My home state of Florida has earned a very negative reputation, some of it completely warranted, for electoral ineptitude. Most of the country is only aware of the issues in presidential elections, but there's a more serious problem with the general electorate and the amendments to the state constitution we vote on as ballot initiatives. Florida has passed the highest percentage of ballot initiatives of any state in the union. It seems the residents of the state are even less skeptical than even the average American and will approve almost any measure that doesn't immediately appear like a bad idea. The majority of initiatives concern taxation issues because the state legislature doesn't want to risk passing an unpopular measure which will hurt their constituents' wallets, and they have learned that Floridians foolishly tend to vote yes by default when they don't understand a proposal rather than demanding a clear explanation before they change the state's supreme law. The problem has become so bad that in 2006 we passed an amendment that requires a sixty-percent majority for all future amendments, ironically with only a 57.8% majority. I'm afraid that even this new threshold won't prevent two very destructive amendments on this year's ballot from passing.
Amendment 2 would explicitly ban same-sex marriage and civil unions:
Inasmuch as a marriage is the legal union of only one man and one woman as husband and wife, no other legal union that is treated as marriage or the substantial equivalent thereof shall be valid or recognized.Florida already has a statute against same-sex marriage, but proponents apparently want to make it even more difficult for homosexuals to be granted equal rights. Although there are indeed secular arguments against same-sex marriage, this is undoubtedly a religious issue. The secular arguments hold almost no sway among the nonreligious, primarily only among those who want rationalize their opposition based on either faith or simple bigotry. Every poll I've seen shows that the nonreligious support same-sex marriage by overwhelming margins.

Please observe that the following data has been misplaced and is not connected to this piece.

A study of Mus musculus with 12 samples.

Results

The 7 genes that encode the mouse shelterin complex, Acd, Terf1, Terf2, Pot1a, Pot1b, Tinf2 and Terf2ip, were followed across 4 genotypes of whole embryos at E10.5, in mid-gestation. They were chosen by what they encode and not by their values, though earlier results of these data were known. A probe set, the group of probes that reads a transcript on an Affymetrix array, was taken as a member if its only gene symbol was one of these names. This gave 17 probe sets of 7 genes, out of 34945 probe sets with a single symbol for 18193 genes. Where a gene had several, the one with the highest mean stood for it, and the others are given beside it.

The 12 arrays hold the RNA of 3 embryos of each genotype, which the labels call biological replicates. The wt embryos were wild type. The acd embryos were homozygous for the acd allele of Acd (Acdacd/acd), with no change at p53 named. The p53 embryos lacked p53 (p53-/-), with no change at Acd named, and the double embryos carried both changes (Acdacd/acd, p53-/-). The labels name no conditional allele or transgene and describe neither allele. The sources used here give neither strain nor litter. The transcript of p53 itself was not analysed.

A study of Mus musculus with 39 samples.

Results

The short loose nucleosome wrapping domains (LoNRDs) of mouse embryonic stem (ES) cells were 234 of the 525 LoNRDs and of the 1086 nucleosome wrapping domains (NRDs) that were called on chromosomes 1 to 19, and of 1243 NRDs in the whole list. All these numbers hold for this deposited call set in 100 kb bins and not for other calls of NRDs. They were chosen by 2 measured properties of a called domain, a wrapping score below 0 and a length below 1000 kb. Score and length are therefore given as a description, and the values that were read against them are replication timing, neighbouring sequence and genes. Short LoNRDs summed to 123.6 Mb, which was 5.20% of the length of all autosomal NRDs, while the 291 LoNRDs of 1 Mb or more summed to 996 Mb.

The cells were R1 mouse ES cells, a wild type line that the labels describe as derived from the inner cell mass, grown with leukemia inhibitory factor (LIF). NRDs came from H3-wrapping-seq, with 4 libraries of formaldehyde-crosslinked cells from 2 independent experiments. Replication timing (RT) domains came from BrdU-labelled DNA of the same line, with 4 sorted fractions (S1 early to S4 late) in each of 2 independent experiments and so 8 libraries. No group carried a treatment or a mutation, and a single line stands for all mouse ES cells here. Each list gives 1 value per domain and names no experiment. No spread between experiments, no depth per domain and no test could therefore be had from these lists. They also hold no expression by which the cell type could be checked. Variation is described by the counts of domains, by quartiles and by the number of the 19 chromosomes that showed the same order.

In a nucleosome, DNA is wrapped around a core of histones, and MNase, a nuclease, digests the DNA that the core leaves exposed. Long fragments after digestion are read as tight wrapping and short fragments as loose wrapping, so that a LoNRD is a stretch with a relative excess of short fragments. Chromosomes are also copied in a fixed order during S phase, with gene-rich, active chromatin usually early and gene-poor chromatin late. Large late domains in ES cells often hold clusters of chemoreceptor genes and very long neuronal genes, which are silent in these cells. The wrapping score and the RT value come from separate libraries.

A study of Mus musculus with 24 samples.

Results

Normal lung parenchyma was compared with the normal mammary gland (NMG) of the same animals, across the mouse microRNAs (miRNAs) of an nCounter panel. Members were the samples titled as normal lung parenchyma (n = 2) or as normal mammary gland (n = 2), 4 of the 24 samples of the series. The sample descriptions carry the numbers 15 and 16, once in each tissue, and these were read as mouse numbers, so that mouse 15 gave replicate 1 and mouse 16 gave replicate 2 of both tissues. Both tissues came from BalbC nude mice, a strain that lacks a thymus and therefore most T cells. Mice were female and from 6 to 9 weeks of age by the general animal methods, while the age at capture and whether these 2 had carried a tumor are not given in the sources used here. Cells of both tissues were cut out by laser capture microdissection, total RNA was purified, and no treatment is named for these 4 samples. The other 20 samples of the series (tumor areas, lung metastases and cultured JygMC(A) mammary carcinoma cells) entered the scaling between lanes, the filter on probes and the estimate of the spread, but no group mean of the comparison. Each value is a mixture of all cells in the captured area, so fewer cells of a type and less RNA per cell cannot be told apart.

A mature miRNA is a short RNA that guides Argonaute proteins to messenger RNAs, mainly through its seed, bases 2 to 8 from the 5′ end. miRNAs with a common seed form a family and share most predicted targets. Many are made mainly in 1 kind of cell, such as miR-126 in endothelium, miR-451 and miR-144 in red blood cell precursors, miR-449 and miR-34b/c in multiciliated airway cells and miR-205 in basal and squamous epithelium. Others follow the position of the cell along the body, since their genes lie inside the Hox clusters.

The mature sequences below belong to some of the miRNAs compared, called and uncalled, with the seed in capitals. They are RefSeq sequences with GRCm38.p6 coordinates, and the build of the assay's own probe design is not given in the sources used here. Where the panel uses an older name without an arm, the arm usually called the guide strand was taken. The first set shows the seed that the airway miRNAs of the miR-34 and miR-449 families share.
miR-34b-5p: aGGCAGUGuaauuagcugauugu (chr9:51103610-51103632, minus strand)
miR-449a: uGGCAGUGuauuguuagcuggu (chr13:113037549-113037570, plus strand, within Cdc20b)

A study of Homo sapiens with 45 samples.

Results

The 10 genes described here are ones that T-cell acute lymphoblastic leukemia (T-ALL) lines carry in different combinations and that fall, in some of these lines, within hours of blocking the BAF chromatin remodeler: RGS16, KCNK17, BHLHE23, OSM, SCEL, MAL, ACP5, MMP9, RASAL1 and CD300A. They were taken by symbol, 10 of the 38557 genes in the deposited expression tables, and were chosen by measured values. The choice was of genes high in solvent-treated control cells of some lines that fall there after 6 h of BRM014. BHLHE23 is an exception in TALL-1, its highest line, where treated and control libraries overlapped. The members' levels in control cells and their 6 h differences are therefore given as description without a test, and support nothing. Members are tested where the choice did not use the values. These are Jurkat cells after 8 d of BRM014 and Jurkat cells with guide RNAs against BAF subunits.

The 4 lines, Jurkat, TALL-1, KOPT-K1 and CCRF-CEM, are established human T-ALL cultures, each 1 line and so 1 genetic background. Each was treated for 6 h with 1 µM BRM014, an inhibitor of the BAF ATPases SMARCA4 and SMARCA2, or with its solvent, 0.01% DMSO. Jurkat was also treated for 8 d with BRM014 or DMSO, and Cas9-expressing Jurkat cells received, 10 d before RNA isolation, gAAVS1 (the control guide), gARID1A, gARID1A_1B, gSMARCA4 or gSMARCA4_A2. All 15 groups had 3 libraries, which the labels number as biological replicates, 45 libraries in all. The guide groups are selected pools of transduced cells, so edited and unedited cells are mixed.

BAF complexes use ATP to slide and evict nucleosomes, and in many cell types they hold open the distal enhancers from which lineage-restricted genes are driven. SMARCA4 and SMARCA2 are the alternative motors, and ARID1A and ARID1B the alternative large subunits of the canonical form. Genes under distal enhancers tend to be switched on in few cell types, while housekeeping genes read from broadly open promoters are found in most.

Amendment 7 would repeal the constitutional prohibition on granting money to religious institutions:
An individual or entity may not be barred from participating in any public program because of religion and to delete the prohibition against using revenues from the public treasury directly or indirectly in aid of any church, sect, or religious denomination or in aid of any sectarian institution.I don't really know what the first clause entails, but it must sound good to most voters, so it may only be there to distract them from the main issue: school vouchers. This amendment was created after an earlier voucher program was thwarted in state court precisely on account of this law. Perhaps proponents even have in mind a state “faith-based initiative” program like the federal program. Whatever the case, it's very clear this is a step in the wrong direction.
With taxation amendments, the problem is that voters don't understand the meaning of the text and vote for them anyway. With these two amendments, citizens will have little difficulty understanding. It's their failure to appreciate the importance of church-state separation that will be the problem. I predict that both will pass in November, but I hope I'm proven wrong. Wherever you live, take the time to vote and make your voice heard!